Here is something about me as an American citizen pastor person: I don’t “pledge allegiance to the flag of the United States of America.” My friends and family and churches may not even know that about me. When people stand to make their pledge, I simply stand with everyone else as a sign of respect.
If no one notices I don’t salute or pledge, that’s fine with me. If asked, I will confess that my allegiance — my loyalty, heart, and life itself — belong to God. I give to my country my fair share of taxes, time to stay informed about current events, regular voting, and my work for justice, peace and freedom. I don’t give my allegiance to a flag &/or “to the republic for which it stands.” That’s me. Your mileage may vary. I am not trying to make converts.
On an August day in 1974, I was a very young adult at a Texas Rangers baseball game. I had only voted the one time, and this ball game was soon after President Nixon resigned from the presidency. He had broken the law, then others had covered up for him, and then he had lied about it all. When the truth came out, he resigned. President Nixon left the White House with much of his dignity left. In the end, he had done a good thing for our country by walking away. The government worked; the Constitution prevailed; the foundation of the democratic republic held firm.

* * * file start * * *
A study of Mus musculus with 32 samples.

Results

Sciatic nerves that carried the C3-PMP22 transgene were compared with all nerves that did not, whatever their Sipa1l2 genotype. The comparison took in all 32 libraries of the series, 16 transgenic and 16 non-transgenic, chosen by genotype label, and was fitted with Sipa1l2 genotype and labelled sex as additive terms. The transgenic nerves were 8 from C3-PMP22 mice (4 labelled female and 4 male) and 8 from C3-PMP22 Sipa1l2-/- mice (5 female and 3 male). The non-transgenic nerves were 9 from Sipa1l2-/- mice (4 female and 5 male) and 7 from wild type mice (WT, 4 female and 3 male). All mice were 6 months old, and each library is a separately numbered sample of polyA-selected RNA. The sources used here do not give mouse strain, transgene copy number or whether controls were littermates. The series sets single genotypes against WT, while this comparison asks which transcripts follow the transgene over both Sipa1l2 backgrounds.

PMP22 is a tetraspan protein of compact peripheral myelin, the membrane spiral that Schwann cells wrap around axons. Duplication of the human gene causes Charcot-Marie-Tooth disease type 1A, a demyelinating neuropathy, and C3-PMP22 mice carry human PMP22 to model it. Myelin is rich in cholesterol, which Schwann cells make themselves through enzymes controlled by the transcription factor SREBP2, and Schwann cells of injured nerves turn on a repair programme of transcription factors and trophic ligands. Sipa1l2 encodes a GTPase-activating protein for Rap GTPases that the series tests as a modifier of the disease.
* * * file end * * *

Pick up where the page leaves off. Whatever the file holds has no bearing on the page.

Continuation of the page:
At that baseball game, I stood up with the crowd for the singing of the National Anthem. For once, it seemed that everyone was actually singing enthusiastically, me included. Thousands of voices sang out pride in our country and conveyed a collective energy to keep on going. The soaring melody sounded like hope for the future after some really hard and yucky stuff. It was the chill bumps, lumpy throat kind of unified pride in our country which was still there, flag and all, healthy and working.
The only other time I have experienced that degree of “citizens united” was after the horrible events of September 11, 2001. People came together. Strangers embraced. Folks came back to church. Blood banks overflowed. Congress unilaterally supported the President. The crowds’ lament: What a shame that it takes such a tragedy to bring us together.
I hear the same thing at funerals, as a pastor and as a family member. Why does a loved one’s death have to be what brings us together?
So, what’s worse than a tragedy bringing us together? This: when a tragedy doesn’t have the power bring us together, and we stay apart or go our separate ways.
We are in Day Three of the Government Shutdown, a national tragedy that has shown little power to bring a nation together.* Partisanship itself created and enflamed this tragedy. The key players have taken a stance on opposite sides of a great chasm.
As the divide widens, the tragedy looks like it’s gaining strength. Perhaps this constitutional storm is gathering up the very power it will take to bring our country back together, citizens truly united, “one nation . . . with liberty and justice for all.” Empowered, some people will step up and take courageous action to do the right thing for all the people.
In politics, they will call that giving up, giving in, losing.
In God’s realm — a.k.a. “the real world” — we call that homecoming.
And there will be singing.
“Never doubt that a small group of thoughtful, committed citizens can change the world. Indeed, it is the only thing that ever has.” (Margaret Mead)
* This post originally appeared in the RevGalBlogPals feature Pastoral Is Political on Oct. 3, 2013 , during another deeply fractured time in our nation’s history, the Government Shutdown of 2013.